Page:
The organic percentage is influenced by between-catalog cannibalization.
More important, the organic percentage is influenced by your online and mobile channels.
When you execute your mail / holdout tests (you execute these, right?), you learn four things.
- Most of the demand captured at your call center is generated by catalogs - without the catalogs, you don't generate the demand. Usually 20% +/- of call center demand is organic - and 80% is caused by catalog mailings.
- E-commerce demand (excluding email marketing) is about 50% organic and 50% caused by catalog marketing. This is the mystery of our time ... few people actually measure this and fewer people understand what it means when half of online demand happens without catalogs. This means freedom ... it means your business has a path forward, and you can save a ton of ad cost and reinvested it elsewhere (or pocket it and make your CFO happy).
- Mobile demand is often 80% organic and 20% catalog driven. As the customer gets younger and/or the customer is two channels removed from catalog marketing, the customer exhibits different behaviors, behaviors that are not influenced by catalogs. Again, this means freedom ... it means your business has a path forward, and you can save a ton of ad cost and reinvest it elsewhere (or pocket it and make your CFO happy).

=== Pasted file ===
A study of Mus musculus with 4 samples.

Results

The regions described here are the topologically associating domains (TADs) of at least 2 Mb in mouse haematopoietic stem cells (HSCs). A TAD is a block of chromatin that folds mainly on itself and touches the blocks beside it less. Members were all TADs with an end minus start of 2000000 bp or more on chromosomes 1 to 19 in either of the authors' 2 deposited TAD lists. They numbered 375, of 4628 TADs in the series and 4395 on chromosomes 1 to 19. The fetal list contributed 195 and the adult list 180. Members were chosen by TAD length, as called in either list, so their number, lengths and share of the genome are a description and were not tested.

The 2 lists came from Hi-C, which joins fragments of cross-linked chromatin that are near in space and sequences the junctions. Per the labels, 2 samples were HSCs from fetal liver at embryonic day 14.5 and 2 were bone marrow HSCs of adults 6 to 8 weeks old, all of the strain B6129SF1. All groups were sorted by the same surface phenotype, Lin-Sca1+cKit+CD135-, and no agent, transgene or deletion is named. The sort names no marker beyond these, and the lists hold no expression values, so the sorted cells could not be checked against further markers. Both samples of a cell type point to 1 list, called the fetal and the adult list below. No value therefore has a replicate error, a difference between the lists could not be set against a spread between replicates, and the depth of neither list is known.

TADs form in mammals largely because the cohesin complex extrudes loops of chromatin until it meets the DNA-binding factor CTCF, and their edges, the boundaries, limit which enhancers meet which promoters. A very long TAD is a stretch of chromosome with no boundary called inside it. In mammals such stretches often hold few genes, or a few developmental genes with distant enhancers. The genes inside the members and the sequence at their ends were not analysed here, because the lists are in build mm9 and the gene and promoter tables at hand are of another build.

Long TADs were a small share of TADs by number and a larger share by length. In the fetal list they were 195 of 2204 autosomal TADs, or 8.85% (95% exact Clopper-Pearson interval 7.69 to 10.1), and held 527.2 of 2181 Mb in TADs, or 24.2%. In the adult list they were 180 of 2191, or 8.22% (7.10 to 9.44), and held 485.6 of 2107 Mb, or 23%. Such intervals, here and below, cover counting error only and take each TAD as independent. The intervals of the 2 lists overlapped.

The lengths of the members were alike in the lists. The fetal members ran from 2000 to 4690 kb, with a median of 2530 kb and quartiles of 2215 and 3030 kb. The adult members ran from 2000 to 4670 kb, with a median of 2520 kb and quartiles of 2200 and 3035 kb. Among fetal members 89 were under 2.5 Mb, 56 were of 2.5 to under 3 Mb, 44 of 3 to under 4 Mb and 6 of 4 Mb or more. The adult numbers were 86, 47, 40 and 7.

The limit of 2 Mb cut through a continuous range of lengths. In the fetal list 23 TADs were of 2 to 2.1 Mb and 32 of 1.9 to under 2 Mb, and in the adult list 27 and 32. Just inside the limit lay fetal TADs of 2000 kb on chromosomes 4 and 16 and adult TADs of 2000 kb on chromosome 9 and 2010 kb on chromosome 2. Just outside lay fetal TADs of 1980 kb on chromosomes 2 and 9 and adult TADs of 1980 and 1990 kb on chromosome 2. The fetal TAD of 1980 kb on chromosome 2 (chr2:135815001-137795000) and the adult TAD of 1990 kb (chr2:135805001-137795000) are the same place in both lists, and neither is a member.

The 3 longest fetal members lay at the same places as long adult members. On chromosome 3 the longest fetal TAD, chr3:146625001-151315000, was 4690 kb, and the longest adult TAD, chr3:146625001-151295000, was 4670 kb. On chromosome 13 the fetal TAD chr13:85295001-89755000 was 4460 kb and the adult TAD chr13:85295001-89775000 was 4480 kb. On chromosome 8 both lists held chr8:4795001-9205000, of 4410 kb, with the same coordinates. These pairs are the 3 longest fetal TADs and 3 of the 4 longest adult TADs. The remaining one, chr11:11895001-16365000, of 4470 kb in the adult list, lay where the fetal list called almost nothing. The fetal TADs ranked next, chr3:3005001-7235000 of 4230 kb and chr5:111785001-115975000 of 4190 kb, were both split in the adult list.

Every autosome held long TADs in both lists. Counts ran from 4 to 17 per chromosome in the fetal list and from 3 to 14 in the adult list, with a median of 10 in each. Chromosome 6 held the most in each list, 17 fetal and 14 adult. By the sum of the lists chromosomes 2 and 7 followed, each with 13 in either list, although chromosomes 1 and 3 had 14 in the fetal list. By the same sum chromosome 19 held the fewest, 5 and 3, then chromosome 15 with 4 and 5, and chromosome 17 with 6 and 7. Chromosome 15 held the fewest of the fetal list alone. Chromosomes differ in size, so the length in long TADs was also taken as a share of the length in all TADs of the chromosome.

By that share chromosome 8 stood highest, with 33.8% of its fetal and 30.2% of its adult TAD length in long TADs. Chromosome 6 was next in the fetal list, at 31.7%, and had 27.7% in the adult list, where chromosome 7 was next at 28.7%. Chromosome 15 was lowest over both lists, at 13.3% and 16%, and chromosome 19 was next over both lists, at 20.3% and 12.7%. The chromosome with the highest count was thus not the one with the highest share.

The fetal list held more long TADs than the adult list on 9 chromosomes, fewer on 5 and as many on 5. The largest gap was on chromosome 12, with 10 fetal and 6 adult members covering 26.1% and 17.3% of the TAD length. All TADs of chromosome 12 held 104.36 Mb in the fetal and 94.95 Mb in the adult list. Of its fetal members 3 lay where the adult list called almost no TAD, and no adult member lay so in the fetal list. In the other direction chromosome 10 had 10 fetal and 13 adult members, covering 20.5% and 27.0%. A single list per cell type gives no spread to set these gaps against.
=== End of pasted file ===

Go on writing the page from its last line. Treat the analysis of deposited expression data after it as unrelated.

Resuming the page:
- Email Marketing demand is often 95% organic and 5% catalog driven. Why does your catalog matter when you send the customer a daily email marketing message? Get rid of your catalogs (via tests) and watch carefully how the customer shifts to email marketing. It doesn't happen overnight. But six months later or nine months later, the shift is clear. Again, this means freedom ... it means your business has a path forward, and you can save a ton of ad cost and reinvest it elsewhere (or pocket it and make your CFO happy).
I spent more than a decade communicating these facts to you. The facts represent an important part of circulation theory. Much of what I'm sharing with you was learned not in catalog marketing, but in sorghum tests I analyzed at the Garst Seed Company ... in 1989. The same concepts applied to the ways that sorghum hybrids grew, and were measured via reasonably simple tests - the same kinds of tests that you measure today.
I've shared these facts with you for more than a decade, for free. I've given you a path to the future. How many of you have taken advantage of free advice?
Tomorrow I'll show you why the organic percentage is so darn important, ok?